There is a chart in a new report from the World Economic Forum that should give anyone designing a pension plan pause for thought. It shows what a lottery defined contribution pensions can be, with Japan a particularly good example.
Based on certain assumptions, the chart (on page 48 of the report) shows a hypthetical Japanese worker retiring just before 1990 would have enjoyed retirement income equivalent to 60 per cent of earnings after contributing 5 per cent a year for 40 years investing in a 60/40 combination of domestic equities and bonds. But the unlucky one retiring 10 years later would have had to survive on 10 per cent.
This huge disparity was down to the stock market boom and bust and the big fall in interest rates in Japan that made annuities much more expensive.
The chart is there is illustrate one of the problems facing policymakers looking to enhance pension fund performance, which is one of 11 strategic options to improve healthcare and pensions that the WEF has identified as important for transforming a greying population into a “silver” one.
It is a timely reminder for anyone putting in a response to the investment consultation by the Personal Accounts Delivery Authority. Pada has a difficult task of designing a default fund for personal accounts (the UK’s new national pension scheme due to start in 2012) that will be sufficiently low risk and low volatility to avoid scaring people into leaving the scheme but still able to produce returns to meet the projections made in a government white paper for a 20 per cent replacement rate.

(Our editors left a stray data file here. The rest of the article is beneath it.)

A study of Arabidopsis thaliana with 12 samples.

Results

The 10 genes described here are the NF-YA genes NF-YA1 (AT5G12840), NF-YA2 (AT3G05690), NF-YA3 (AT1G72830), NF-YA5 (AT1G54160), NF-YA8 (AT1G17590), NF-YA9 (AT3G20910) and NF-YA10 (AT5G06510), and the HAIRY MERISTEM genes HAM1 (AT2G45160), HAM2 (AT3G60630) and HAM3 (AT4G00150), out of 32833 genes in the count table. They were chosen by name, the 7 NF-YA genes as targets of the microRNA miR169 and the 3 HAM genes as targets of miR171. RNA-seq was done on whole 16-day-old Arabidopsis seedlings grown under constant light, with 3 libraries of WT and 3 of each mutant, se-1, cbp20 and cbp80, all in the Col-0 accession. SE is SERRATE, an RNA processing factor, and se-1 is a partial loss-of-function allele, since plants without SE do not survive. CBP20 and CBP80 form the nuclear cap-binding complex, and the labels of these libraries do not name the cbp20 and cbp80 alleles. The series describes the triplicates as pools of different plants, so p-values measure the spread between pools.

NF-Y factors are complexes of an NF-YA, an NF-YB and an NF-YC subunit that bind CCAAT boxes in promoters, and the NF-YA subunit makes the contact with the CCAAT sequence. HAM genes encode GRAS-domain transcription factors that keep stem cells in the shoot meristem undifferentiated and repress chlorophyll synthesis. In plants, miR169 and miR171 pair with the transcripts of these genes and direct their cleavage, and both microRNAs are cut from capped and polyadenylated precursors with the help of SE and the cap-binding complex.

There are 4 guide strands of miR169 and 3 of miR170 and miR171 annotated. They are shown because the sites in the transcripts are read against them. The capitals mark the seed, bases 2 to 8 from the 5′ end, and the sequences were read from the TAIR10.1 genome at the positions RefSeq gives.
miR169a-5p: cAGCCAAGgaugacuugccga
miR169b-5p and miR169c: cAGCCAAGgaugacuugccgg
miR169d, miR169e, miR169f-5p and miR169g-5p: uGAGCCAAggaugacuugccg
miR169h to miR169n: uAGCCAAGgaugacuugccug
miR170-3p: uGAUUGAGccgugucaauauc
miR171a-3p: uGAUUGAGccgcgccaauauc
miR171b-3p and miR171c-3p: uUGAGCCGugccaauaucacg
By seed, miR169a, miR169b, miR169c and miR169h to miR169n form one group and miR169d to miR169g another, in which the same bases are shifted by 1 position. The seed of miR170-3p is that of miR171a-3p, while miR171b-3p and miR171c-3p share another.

The WEF proposes a variety of actions to improve pension fund performance, including for governments to regulate investment options in DC plans, limit investment choice (because too much choice leads to less selection by members and more use of the default) and lower the investment risk taken in the run-up to retirement.
Pada’s approach will be highly influential. Will the WEF approve I wonder?